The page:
Upfront: Silly Like a Fox

Categories:      News & Politics    Opinion
Thursday, November 29th, 2012 at 11:30 AM
Upfront: Silly Like a Fox by Cory Vaillancourt
Joe Cottrell

Campaign season is finally over. Sigh. I’m a fan, and I lament the passing of this special time just as NASCAR fans weep when there are no more left turns to make. Thanks for following along – this’ll be the last political column from me - for a little while, at least. So, enjoy it, or, skip it; we’ll be on to the silliness again soon enough. Speaking of silly…

Karl Rove rolled through town on Wednesday, Nov. 14 to take part in the Jefferson Educational Society’s Global Futures Summit IV. The JES procured the controversial Rove – in a move both strategic and serendipitous – knowing full well that he’d be speaking just eight days after the 2012 presidential election.

His appearance drew much attention – the glaring spotlights of the national media once again came to our fair burg, and for a change it was because of neither the weather nor a collar bomb.

I like to think that it was because two weeks ago, I told you that Rove (the guy who took several hundred million dollars of other people’s money to the casino and lost it all on red) would speak about the future of the Republican Party – a party that has lost the popular vote in five out of the last six presidential elections. So I’m just gonna keep on thinkin’ that.

Regardless, I told you that both his timing and his topic would result in what I called the “Erie Manifesto.” So I’m just gonna keep on callin’ it that.

The Erie Manifesto was my fanciful supposition that perhaps, faced with a conservative social ideology that much of the country seems to be rejecting, Karl Rove would advise the Republican Party to abandon their largely religious-backed opposition to abortion, homosexuals, immigration, Obamacare, and marijuana. That Wednesday night was my chance to find out.

Just prior to his speech, Rove sat comfortably in a small conference room at the Northwest Pennsylvania Collegiate Academy, perched high atop State Street. He was friendly and cordial, and knew how to play to the small crowd of local reporters and cameramen who had assembled there. He began by answering a flurry of questions about the party’s performance in the recent elections.

When my turn came, I asked him: When republicans reclaim the presidency in 2016, what does that party look like, ideologically?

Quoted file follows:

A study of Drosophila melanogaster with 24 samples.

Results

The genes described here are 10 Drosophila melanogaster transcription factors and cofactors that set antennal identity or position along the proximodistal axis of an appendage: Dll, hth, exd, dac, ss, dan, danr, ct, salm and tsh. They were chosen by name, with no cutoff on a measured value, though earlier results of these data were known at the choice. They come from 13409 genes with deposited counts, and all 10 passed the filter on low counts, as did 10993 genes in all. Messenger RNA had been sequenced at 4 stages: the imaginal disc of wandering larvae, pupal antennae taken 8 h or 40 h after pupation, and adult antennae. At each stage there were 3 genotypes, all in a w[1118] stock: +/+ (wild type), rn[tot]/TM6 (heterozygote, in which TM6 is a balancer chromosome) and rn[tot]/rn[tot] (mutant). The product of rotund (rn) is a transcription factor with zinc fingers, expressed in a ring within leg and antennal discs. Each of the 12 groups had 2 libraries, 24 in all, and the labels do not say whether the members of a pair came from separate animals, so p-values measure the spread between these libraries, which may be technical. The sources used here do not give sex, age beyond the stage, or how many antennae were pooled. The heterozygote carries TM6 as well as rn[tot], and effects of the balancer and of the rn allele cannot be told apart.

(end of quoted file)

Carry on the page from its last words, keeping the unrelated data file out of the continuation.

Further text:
“You know, I think it’s a center-right party, it’s a party that believes in limited government, low taxation, and pro-growth economic policies,” Rove said. “I suspect by that point we’ll also have some questions about military policy and national defense. It will be a strong national defense party.”

In short, I got the blow off.

He knew what I was asking him – will there be moderation in the Republican Party’s largely religious-backed opposition to abortion, homosexuals, immigration, Obamacare, and marijuana? You know, that “Erie Manifesto” thing I keep talking about?

No more beating around the bush. He didn’t answer me the first time, so I had to flat-out ask: anything socially?

“I don’t think so,” he said. “I do think in substance there better be – in the way we communicate. But that’s something we’re going to talk about tonight.”

Sooooooo, no; nothing on abortion, homosexuals, immigration, Obamacare, or marijuana. But this communication thing, well, it was intriguing. What could it mean?

Rather than grandiose and party-altering abandonment of their inflexible and illogical social agenda, Rove delivered a mix of tactics and tweaks directed towards the Republican Party during his speech.

Tactically, he talked about the need to implement a Howard Dean-esque field organization. Republicans are typically not known for their ground game, which hampers them year after year. He also said that SuperPacs are here to stay, and they’re not new; they were just called labor unions in the past (haha, I see what you did there Karl Rove!). So, as I often say, you have to play the game by the rules that exist, not the rules you wish existed. That being said, Rove acknowledged that SuperPacs need to be run better, and not simply for the enrichment of the consultants who run them.

Tweak-wise, Rove talked about the need for more and better – you guessed it – communication with Hispanics, Asians, women, and young people. You know, that whole “talking with them, not at them” type thing.

So let me get this straight, Mr. Blossom. You want to once again raise hundreds of millions of SuperPac dollars to fund a more robust grassroots strategy that will reach Hispanics, Asians, women, and young people on their proverbial, virtual, or literal respective doorsteps?

Of what will you talk with them upon your arrival? Of your unchanging views on abortion, homosexuals, immigration, Obamacare, or marijuana? Now that’s just silly.

Or is it silly like a fox? If I wrote this column in 1991 instead of those high-school English assignments I was working on, it also would have been about a party that had lost the popular vote in five out of the last six presidential elections.

That party was the Democratic Party.

 

Cory Vaillancourt is a brilliant writer/complete hack and can be complimented/heckled at cVaillancourt@ErieReader.com. Find him on Twitter @VLNCRT.